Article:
Health information exchanges have yet to become the darlings of most hospitals and medical practices, but despite their frostly reception, two recent studies suggest you can launch and maintain a viable HIE.
These health data sharing organizations will undoubtedly play an important role as the HITECH Act's Meaningful Use programs continue to take shape. So it's time to take a closer look at lessons learned from such success stories.
A new report released this week by the National eHealth Collaborative (NeCH), a public-private cooperative funded by the Office of National Coordinator for Health IT, outlined some of the" secrets" uncovered by 12 successful HIEs.
Many HIEs can learn from these lessons--especially considering that there are at least 255 HIEs in the U.S. right now, a 9% increase from 234 HIEs last year, and up significantly from only a few dozen in 2004, according to the eHealth Initiative, another coalition that studies HIEs and which recently completed its own annual report.
For those of us that have been following HIEs over the last decade or so, it's been pretty clear that success--and sustainability--has been elusive for many of these organizations. There have been failures along the way, most notably the once promising Santa Barbara County Care Data Exchange in California, which launched in 1999 and lasted only a few difficult years before shutting down in 2006.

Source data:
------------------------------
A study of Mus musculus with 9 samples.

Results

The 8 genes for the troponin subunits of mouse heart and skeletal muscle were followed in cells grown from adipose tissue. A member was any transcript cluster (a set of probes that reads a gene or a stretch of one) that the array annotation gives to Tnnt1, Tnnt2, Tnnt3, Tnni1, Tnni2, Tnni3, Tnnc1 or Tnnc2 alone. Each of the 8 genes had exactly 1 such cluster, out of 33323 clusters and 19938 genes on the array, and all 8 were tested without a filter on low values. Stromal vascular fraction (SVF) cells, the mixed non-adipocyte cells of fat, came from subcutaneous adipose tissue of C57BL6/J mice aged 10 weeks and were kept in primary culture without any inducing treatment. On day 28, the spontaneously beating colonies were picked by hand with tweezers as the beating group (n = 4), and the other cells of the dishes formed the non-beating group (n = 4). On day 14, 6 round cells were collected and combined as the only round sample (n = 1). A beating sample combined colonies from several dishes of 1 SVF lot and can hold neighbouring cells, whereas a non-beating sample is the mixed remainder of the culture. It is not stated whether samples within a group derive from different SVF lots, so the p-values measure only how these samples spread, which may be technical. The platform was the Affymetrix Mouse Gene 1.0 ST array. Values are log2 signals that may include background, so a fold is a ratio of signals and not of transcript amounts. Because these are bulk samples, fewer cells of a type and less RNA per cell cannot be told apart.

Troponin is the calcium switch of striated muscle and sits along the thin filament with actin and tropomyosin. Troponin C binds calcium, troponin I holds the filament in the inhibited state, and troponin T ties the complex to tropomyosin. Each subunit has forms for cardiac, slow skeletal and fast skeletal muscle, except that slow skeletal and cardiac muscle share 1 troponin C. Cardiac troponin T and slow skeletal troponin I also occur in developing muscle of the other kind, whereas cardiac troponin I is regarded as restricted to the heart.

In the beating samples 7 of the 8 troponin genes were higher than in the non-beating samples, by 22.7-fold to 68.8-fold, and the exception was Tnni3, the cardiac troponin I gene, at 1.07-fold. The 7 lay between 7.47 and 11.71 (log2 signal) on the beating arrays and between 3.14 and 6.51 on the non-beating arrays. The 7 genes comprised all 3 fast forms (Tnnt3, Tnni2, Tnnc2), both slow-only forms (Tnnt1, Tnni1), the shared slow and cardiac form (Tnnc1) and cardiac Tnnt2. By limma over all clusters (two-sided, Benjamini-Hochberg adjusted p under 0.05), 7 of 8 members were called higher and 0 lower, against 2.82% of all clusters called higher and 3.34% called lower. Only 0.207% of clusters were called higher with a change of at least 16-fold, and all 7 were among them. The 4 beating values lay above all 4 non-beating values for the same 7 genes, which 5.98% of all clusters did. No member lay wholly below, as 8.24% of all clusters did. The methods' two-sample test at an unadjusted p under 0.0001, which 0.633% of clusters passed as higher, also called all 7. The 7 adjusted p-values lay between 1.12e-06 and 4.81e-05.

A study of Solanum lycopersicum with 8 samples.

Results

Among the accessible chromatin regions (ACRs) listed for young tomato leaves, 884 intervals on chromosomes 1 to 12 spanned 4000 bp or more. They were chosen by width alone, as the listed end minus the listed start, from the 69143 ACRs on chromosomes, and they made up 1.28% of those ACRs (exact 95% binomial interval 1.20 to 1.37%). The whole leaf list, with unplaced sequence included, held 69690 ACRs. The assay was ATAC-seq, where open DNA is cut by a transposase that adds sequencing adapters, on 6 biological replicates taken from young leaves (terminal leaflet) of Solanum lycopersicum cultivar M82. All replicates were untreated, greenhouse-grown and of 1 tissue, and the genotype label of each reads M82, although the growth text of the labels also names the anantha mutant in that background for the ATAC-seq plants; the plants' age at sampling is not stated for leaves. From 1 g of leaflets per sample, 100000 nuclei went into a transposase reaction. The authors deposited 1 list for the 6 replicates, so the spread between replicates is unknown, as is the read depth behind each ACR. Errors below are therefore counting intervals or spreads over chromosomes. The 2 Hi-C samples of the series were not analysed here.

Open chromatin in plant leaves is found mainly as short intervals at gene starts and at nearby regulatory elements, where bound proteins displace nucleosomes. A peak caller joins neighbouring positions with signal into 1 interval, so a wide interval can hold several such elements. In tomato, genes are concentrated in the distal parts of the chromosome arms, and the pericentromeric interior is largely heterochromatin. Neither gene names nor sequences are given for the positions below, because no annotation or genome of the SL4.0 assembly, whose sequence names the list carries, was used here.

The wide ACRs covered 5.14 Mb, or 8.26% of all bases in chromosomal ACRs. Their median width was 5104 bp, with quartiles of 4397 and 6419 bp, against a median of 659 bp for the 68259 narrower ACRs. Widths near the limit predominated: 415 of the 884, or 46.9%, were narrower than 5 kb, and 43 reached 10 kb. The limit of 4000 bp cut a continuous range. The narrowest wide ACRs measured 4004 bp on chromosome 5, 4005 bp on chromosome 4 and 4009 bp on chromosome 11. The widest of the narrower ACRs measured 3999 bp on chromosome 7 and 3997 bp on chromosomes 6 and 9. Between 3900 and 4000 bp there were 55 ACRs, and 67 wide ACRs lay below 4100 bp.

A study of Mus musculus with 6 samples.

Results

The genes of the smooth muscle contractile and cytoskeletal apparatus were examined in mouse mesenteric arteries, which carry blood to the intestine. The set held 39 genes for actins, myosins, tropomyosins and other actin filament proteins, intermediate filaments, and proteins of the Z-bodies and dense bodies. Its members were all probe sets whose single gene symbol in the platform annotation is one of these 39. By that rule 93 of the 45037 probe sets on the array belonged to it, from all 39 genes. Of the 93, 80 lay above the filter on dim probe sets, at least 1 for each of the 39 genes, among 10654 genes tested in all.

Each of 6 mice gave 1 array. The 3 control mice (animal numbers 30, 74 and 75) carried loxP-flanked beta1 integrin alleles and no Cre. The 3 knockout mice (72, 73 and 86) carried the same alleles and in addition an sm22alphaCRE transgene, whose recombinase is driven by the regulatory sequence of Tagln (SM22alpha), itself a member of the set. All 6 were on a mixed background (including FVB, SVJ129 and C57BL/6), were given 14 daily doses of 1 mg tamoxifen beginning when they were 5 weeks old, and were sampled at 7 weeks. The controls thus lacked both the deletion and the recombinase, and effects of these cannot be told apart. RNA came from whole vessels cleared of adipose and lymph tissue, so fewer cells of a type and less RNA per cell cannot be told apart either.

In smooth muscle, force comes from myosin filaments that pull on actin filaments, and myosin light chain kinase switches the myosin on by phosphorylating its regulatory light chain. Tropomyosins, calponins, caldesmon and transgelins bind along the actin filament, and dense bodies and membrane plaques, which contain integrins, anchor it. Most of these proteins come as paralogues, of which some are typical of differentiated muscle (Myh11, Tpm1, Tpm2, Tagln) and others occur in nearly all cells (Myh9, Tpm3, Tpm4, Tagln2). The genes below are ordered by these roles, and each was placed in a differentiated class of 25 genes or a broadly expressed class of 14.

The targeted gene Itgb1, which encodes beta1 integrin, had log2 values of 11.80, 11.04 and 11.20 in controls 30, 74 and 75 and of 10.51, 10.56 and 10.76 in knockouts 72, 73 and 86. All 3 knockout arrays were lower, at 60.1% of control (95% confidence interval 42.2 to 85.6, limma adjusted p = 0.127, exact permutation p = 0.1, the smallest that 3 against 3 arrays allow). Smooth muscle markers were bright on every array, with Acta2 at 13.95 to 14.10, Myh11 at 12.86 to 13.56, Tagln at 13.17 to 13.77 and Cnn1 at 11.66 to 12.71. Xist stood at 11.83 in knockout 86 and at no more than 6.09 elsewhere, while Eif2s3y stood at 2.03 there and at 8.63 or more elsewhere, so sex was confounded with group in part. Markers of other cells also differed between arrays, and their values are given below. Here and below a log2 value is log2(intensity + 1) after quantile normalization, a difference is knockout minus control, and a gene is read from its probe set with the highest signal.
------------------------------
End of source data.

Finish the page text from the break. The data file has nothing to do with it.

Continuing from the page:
I would argue that the Santa Barbara effort was a visionary for its time--and that proved to be one of its biggest problems. Unfortunately their effort was launched several years before the HITECH Act was signed into law--meaning before EHRs appeared on the radar screens of large numbers of healthcare providers in the region. When the Santa Barbara exchange launched, few healthcare providers were open to the idea of using and sharing digitized patient data--especially among competing doctors and hospitals.
Of course, most of the 12 successful HIEs studied by NeHC in its "Secrets of HIE Success Revealed, Lessons from The Leaders" report have also been around for quite some time, launching pre-HITECH Act, but none as early as the Santa Barbara effort.
Although most of them have no doubt struggled with their own stumbling blocks--big and small--they've been able to recover. That's evident from the "secrets" revealed by the National eHealth Collaboratives report.
Here are some of keys to success among top HIEs:
1 -- An HIE needs to make sure stakeholders see the value of participating in the HIE--and then make sure they deliver on those promised services. That value includes reduced data distribution costs and increased staff productivity, which are "the major reasons why participants are willing to pay for the services offered by these HIEs," according to the NeHC report.
2 -- HIEs must collaborate and align with stakeholders about their priorities for the group. Because stakeholders of an HIE are diverse--they can include payers, competing hospitals, doctor groups and solo practices--their needs differ. So, successful HIEs need to engage the stakeholders in coming up with "win-win" collaborations.